The return of Silvio Berlusconi to the Italian political stage sends an unmistakable message to Europe’s leaders: They’ll have to be a lot more ambitious if they want to hold their currency union together.
In parliamentary elections, Italian voters handed Berlusconi just enough power to make forming a stable government extremely difficult. In doing so, voters soundly rejected the technocratic policies of outgoing Prime Minister Mario Monti, whose efforts to raise taxes, cut pensions, and curb budget deficits helped bring the government back from the brink of insolvency. One in four Italians further rebuffed Monti’s austerity diet by voting for a comedian. Stock markets plunged, and the yield on Italy’s 10-year bond rose to 4.9 percent, its highest level since November.
To make solvency achievable for countries such as Spain and Italy, the European Central Bank has rightly pledged its unlimited support to keep borrowing costs down. By removing the threat of imminent financial Armageddon, however, the ECB has taken the pressure off voters to keep approving austerity policies.
Italy’s rebellion against austerity—egged on by Berlusconi’s populist pledge to reimburse property taxes—bodes ill for other euro-zone countries. Some have much further to go than Italy does to get their finances in order. Spain must still cut spending or increase revenue by almost 6 percent of gross domestic product to stop its debt burden from growing. That’s more than seven times the across-the-board spending cuts that are set to take effect in the U.S. Polls in Greece, which still has a lot of belt-tightening to do, already suggest that the anti-austerity Syriza party would triumph in a new election.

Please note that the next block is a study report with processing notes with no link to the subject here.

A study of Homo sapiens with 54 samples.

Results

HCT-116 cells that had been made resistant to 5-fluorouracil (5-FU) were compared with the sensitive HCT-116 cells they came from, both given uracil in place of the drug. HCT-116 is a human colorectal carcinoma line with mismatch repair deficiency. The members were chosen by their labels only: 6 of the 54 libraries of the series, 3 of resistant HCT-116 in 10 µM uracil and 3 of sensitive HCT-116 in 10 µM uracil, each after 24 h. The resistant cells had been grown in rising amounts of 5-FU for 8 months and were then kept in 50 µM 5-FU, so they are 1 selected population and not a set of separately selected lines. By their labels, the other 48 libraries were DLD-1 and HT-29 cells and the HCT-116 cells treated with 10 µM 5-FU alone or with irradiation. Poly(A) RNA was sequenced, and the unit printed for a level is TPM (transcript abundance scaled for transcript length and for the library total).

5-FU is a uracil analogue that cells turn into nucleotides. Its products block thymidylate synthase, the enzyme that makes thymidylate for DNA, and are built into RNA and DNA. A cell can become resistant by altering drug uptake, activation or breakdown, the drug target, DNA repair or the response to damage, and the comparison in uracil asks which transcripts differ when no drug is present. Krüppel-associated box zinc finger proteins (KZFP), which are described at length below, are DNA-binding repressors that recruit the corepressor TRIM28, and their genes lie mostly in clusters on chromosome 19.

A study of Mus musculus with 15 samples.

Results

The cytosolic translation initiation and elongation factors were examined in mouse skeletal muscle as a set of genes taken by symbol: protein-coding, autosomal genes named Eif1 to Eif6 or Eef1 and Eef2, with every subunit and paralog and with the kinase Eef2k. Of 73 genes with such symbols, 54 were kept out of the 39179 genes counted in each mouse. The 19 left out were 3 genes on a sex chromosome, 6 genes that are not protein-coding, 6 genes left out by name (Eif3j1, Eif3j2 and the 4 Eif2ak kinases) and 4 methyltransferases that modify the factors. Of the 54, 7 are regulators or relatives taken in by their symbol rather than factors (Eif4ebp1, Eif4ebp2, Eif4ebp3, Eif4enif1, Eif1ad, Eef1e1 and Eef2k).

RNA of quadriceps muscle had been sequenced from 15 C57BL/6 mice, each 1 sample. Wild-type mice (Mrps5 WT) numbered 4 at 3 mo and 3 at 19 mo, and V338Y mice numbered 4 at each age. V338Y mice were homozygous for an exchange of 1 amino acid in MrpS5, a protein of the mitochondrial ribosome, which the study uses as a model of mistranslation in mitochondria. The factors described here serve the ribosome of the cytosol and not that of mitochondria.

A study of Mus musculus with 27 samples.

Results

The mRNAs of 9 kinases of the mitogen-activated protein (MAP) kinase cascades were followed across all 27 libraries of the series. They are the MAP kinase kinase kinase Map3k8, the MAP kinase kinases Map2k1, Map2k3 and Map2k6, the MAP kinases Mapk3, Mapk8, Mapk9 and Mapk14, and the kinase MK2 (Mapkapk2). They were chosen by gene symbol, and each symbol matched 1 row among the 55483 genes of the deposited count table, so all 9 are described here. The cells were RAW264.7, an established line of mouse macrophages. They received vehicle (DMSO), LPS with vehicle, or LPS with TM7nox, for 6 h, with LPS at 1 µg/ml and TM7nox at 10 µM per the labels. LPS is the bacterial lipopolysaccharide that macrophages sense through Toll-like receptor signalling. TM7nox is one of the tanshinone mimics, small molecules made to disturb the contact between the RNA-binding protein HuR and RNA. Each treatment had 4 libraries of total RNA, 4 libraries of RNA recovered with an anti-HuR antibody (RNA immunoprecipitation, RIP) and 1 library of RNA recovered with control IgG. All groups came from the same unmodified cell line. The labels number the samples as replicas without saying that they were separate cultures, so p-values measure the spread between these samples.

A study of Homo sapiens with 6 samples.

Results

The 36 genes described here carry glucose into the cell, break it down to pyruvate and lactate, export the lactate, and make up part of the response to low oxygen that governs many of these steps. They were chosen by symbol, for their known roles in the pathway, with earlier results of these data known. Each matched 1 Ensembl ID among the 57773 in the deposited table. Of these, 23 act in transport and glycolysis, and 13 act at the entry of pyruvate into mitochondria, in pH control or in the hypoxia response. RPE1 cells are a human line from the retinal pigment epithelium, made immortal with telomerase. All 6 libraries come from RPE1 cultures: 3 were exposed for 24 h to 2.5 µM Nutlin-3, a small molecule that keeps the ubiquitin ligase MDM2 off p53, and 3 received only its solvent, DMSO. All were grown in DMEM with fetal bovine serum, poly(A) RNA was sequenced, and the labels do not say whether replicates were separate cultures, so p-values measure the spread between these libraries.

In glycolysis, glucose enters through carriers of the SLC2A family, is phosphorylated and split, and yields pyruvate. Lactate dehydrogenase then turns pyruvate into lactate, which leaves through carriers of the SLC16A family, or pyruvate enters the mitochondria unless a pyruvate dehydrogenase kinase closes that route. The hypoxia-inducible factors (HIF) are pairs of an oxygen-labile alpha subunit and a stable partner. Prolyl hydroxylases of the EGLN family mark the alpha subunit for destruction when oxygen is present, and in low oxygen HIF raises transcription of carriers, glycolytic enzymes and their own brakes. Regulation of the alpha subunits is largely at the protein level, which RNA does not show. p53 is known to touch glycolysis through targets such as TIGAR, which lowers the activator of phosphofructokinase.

The European Commission forecasts that the euro area will experience another year of economic contraction in 2013, its third in five years. Unemployment is set to reach 26.9 percent in Spain and 27 percent in Greece. Senior officials at the International Monetary Fund, meanwhile, are publicly reassessing the effects of deficit cutting during times of distress, saying it’s more economically damaging than they previously thought.
The way out isn’t easy. Austerity measures will never be popular with voters unless they are convinced the pain will be widely shared and short-lived. What’s more, countries with such divergent economies can’t share a currency unless they put in place some risk-sharing mechanisms. The best way to deal with both shortcomings is through a system of fiscal transfers. This would involve sending money from growing economies to those in recession, easing the difficult adjustments the latter must make to recover.
The euro zone also needs a better way to keep its members’ borrowing in check. Jointly issued and collectively backed euro bonds, for example, have the potential to lower borrowing costs while giving a central authority significant control over individual governments’ ability to run budget deficits. Interestingly, this idea is supported by German Chancellor Angela Merkel’s main opponents in elections scheduled for September.
All the best solutions to the euro crisis have one thing in common: They involve the creation of a much deeper union. It’s up to Europe’s leaders—and in particular Germany’s—to convince their constituents that such a union is in their best interests.